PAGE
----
Heard about an executive recently departing a large Enterprise Software Company, “He was disruptive.”
I don’t know the man, but couldn’t help but wonder. “He was disruptive,” has been the epitaph for many a career.
But why are they disruptive? It isn’t just for the sheer cussedness of being disruptive. Not at an executive level. They were not aligned with the organization for some reason they believed in. And is the disruptor the only one to blame?
Bosses in large organizations don’t want good people. They want people who eliminate worries.
Sometimes we have to eliminate worries, so that the organization can get on with its focus. In that case, the organization has deemed the worries groundless.
Sometimes worries can be quietly eliminated, because they are in the purview of a single sub-tree of the organization. Careful though. Always a bad thing not to hear what’s really going on inside those sub-trees.
But sometimes the worries are not groundless and the disruptors are still silenced through blunt force. It’s easier than dealing with the worries in most cases, and less politically damaging.
How often have you been in an organization that thought it could eliminate the worries and they turned out not to be groundless? In fact, they ultimately caused a lot more trouble than any disruptive employee ever could have.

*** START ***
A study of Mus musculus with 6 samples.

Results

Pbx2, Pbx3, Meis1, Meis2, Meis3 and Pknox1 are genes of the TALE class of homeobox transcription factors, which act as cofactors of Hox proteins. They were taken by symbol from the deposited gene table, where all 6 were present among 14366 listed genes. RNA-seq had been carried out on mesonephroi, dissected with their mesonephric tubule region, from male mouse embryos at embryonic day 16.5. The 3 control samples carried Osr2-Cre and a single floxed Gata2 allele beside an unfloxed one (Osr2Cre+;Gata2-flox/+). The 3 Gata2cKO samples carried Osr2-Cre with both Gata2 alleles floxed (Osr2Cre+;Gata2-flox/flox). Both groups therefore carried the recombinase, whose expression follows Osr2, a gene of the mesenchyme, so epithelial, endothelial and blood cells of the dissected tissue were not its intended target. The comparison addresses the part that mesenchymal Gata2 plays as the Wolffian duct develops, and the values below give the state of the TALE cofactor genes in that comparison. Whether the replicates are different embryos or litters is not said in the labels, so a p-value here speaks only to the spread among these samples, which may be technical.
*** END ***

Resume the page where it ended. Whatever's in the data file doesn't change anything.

This is why I wonder about blaming only the disruptor and sending them on their way. If only the paranoid survive
, then the disruptor may be ringing an alarm bell that should be checked out thoroughly. There’ve been no end of companies succumb to competition from much smaller foes. How did they let that happen? Maybe the alarm bell ringers were regarded as “too disruptive.”
If the organization can’t sell its point of view well enough to quell the disruptors, that’s a problem too. A crisis of leadership. Disruptors don’t believe the party line. They feel it is imperative not to, in fact. Who failed to sell them? Who failed to communicate why it was so important to stick to the party line? Not the disruptor. If one doesn’t believe, others also don’t believe. How many are quietly disruptive, so you don’t even know they’re sapping your organization’s strength? Whether the disruptor is right or wrong, you have to ask how many others share their view and what you should do about it.
Sure, there are those wanton disruptors who need to be sent on their way. But I sure see a lot more sent packing for all the wrong reasons. Maybe that’s what makes me prefer the very paranoid cultures.
They’re less likely to pick on the disruptors without at least looking carefully at what they’re worried about. And worrying is not viewed as a cardinal sin but rather a virtue.